When it comes to the foodservice industry, there are other safety concerns that need to be addressed, and many are in the kitchen and affect your employees:
1. Know the risks during food preparation. Water, grease and oil can spill during the cleaning process. Make sure employees know how to properly clean the floors. Just like in the dining areas of your restaurant, spills and slick spots need to be cleaned up immediately. It should be company policy to hold all employees accountable for reporting and/or cleaning up wet areas right away. It’s also worth buying special floor mats that will help drain away any small spills and reduce the slip and fall risk.
2. Proper footwear matters. It is not practical for someone to work in a kitchen wearing 5” stiletto heels. Employes need to wear shoes with slip-resistant soles. This is easy to follow if your employees are required to wear specific uniforms. If not, make it part of the employee handbook and send people home if their shoes could be dangerous for their job. You don’t want the liability of someone slipping because their shoes are not made for the job.
3. Kitchen tools can be dangerous. There’s just no way around using a knife in a restaurant. Employees should receive proper training and wear cut and puncture-resistant gloves and other protective gear.
4. Sanitation is king. A small mistake or oversight in sanitation can make people sick, and potentially cost you your business. As mentioned, employees should wear hair nets and gloves while preparing food. But food safety goes way beyond that. You need to color code your cleaning supplies so you’re not spreading germs from other areas of the restaurant into your kitchen. Use separate cooking and preparation tools for raw meats, fish and poultry than you do for fruits, vegetables and prepared foods. And always teach proper hand-washing. If you sit and watch, you’d probably be amazed at how few people follow the recommended guidelines for hand-washing. Make sure to train and remind employees and even post signs reminding them of proper technique to kill germs and bacteria.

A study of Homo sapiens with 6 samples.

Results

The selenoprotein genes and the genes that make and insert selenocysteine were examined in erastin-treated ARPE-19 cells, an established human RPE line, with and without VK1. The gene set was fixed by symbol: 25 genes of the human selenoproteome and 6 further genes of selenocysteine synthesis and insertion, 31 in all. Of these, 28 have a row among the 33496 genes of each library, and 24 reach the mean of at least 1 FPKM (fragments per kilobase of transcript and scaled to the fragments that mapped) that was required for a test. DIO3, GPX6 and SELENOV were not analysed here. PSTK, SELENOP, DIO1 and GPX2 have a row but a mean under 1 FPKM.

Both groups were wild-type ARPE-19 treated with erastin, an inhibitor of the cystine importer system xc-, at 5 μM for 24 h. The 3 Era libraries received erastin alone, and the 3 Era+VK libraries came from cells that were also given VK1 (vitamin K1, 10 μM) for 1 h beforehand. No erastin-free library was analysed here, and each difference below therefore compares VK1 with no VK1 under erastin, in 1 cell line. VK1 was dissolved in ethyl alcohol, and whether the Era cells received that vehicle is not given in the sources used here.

5. Don’t let pests invade. No matter how much you clean, bugs, roaches and creepy crawlies can find their way into your restaurant. The right insecticide can help keep them away. Just make sure that your insecticide is safe for use around food.
6. Train and train again. It can only help your business to provide frequent training for your employees. Proper education is the only way to make sure employees know the rules, safety precautions and what’s expected of them when it comes to cleaning and safety. People can get stuck in bad habits. Training will ensure they know how you expect the job to be done.
7. When in doubt, ask the experts. If you’re not sure about certain safety or health precautions in your restaurant, check with your local health department or OSHA. It’s better to be safe than sorry.